Report on Kilauea (United States) — 17 April-23 April 2013
Smithsonian / US Geological Survey Weekly Volcanic Activity Report, 17 April-23 April 2013
Managing Editor: Sally Kuhn Sennert
Please cite this report as:
Global Volcanism Program, 2013. Report on Kilauea (United States). In: Sennert, S K (ed.), Weekly Volcanic Activity Report, 17 April-23 April 2013. Smithsonian Institution and US Geological Survey.
19.421°N, 155.287°W; summit elev. 1222 m
All times are local (unless otherwise noted)
During 17-23 April HVO reported that the circulating lava lake periodically rose and fell in the deep pit within Kilauea's Halema'uma'u Crater. The plume from the vent continued to deposit variable amounts of ash, spatter, and Pele's hair onto nearby areas.
At Pu'u 'O'o Crater, glow emanated from three spatter cones and a small lava pond on the crater floor. Just before midnight on 19 April a vigorous lava flow gushed out of the N spatter cone and quickly covered the N portion of the crater floor, then went over the E rim. The lava pond on the NE crater's edge briefly overflowed. On 21 April the two spatter cones on the S portion of the crater floor produced lava flows.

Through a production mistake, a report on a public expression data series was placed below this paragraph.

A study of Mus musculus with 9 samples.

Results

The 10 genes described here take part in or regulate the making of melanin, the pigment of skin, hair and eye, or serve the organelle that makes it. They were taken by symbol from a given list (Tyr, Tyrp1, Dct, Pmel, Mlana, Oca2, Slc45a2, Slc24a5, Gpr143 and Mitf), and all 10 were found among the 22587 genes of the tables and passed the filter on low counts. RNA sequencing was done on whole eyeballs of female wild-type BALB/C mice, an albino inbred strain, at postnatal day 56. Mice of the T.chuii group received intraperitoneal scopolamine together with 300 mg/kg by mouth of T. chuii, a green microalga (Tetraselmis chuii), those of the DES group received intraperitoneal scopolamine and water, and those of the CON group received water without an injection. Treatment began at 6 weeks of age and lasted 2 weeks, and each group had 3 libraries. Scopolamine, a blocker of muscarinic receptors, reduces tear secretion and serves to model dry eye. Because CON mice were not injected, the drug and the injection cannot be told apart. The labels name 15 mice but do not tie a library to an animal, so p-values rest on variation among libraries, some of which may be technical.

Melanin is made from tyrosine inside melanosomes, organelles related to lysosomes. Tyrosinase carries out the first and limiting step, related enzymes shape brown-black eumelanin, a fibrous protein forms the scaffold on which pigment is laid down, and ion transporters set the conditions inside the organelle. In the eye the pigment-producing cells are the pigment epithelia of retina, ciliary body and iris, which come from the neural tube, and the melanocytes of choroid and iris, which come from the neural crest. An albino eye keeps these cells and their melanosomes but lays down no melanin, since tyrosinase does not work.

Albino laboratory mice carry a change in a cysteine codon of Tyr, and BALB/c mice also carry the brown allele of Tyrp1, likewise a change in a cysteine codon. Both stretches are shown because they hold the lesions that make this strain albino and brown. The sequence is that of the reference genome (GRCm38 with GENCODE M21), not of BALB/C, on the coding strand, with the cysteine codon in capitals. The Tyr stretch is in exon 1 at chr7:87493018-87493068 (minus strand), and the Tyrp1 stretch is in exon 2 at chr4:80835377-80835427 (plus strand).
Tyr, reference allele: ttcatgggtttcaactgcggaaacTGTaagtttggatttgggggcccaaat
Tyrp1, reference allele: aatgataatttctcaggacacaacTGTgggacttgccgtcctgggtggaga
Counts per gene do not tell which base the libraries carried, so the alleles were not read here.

Two lava flows (Peace Day and Kahauale'a) were fed by lava tubes extending from Pu'u 'O'o. Multiple lava flows from the NE spatter cone, collectively called the Kahauale'a flow, stopped advancing on 20 April, although a few breakout lava flows were observed during 20-22 April. Peace Day activity consisted of lava flows active above the pali (5 km SE of Pu'u 'O'o), on the pali, and on the coastal plain. Lava also entered the ocean at two or three locations spanning the National Park boundary.
Geologic Background. Kilauea, which overlaps the E flank of the massive Mauna Loa shield volcano, has been Hawaii's most active volcano during historical time. Eruptions are prominent in Polynesian legends; written documentation extending back to only 1820 records frequent summit and flank lava flow eruptions that were interspersed with periods of long-term lava lake activity that lasted until 1924 at Halemaumau crater, within the summit caldera. The 3 x 5 km caldera was formed in several stages about 1500 years ago and during the 18th century; eruptions have also originated from the lengthy East and SW rift zones, which extend to the sea on both sides of the volcano. About 90% of the surface of the basaltic shield volcano is formed of lava flows less than about 1100 years old; 70% of the volcano's surface is younger than 600 years. A long-term eruption from the East rift zone that began in 1983 has produced lava flows covering more than 100 km2, destroying nearly 200 houses and adding new coastline to the island.